How Do Millennials Build Communities?

Collaborative post – may contain affiliate links

The world seems to be becoming more and more fragmented. For all that the internet has allowed people even greater access to each other, this has lead to many small groups being formed rather than one large one. It’s ironic that while many people are part of several online communities, they don’t even say hi to their neighbors.

But this doesn’t mean that millennials are necessarily bad at forming communities. In fact, the opposite is true. Interconnectivity means that millennials are perfectly capable of finding people and bonding with them whether this is a small group with a niche interest or literally millions of people around the world with a common goal.

Bringing a Building Together

We often lament the loss of local community spirit but the truth is that millennials are just as capable of meeting their neighbors as anyone else. They just tend to go about it in a different way. While saying hi to a stranger in the corridor might feel a bit odd to a millennial, joining a Facebook group for the building and getting to know people that way is quite popular.

Facebook groups for neighbors and communities are great spaces to share ideas for improving the building (as can be found here) and get to know each other better. You can also set up events and fundraise for various projects such as planters for communal areas. As people get used to seeing each other online, they are much more likely to talk to each other in person. This might seem backwards but hey, that’s the digital age for you.

Forming Social Groups

Millennials are all about forming social groups though they don’t go about it in the same way that previous generations have. For example, the local church is mostly out while fitness classes are very much in. Rather than bonding with the people immediately around them, millennials are much more likely to travel to find others who share the same interests.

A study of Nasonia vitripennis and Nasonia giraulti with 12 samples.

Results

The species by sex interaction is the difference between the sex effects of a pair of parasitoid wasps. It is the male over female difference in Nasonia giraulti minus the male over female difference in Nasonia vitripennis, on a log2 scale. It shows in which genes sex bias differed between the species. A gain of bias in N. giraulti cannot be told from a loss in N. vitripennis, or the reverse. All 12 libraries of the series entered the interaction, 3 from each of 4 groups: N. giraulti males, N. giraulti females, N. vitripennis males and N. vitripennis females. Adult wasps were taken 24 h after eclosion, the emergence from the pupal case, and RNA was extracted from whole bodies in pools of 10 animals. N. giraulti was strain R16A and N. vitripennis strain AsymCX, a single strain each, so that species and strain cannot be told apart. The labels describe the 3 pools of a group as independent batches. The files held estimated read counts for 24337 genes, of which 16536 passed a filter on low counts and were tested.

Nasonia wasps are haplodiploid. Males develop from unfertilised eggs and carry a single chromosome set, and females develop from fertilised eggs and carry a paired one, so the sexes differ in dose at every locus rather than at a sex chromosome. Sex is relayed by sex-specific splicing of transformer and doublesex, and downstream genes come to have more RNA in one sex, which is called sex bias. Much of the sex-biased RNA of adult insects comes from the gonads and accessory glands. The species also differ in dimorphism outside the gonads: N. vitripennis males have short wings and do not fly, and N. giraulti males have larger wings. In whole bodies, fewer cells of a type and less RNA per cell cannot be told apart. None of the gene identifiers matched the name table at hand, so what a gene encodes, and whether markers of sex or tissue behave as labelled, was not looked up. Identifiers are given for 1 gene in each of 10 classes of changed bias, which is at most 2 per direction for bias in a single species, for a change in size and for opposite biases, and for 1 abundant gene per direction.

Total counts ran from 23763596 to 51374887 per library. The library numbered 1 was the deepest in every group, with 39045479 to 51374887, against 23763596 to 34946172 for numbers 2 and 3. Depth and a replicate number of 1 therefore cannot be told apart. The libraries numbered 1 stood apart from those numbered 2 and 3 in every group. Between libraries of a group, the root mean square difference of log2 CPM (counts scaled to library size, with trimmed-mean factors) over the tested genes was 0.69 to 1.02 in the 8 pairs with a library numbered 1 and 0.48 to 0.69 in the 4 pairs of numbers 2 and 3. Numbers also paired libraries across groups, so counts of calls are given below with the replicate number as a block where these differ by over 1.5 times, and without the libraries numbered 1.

Building a community this way is great as it is clearly contributing to the fitness of a whole generation. However, this kind of group only works if it gets people out of their homes and doing something active. Social media is a great platform for getting things set up, but millennials show that they still need to meet real people too.

Tackling Issues at Home

Unlike generations before them, millennials are having to deal with significant social and environmental issues. Though society may seem fragmented, the gravity of environmental and climate change is bringing more and more people together and protests around the world were lead by this generation. And it’s not just millennials. Young people are reaching out to older generations to help them tackle social issues too.

Though their communities don’t look the same as previous generations, millennials show that community spirit is still alive and well in the 21st century. Rather than having a single local community, millennials are building multiple communities for themselves on a micro and macro scale.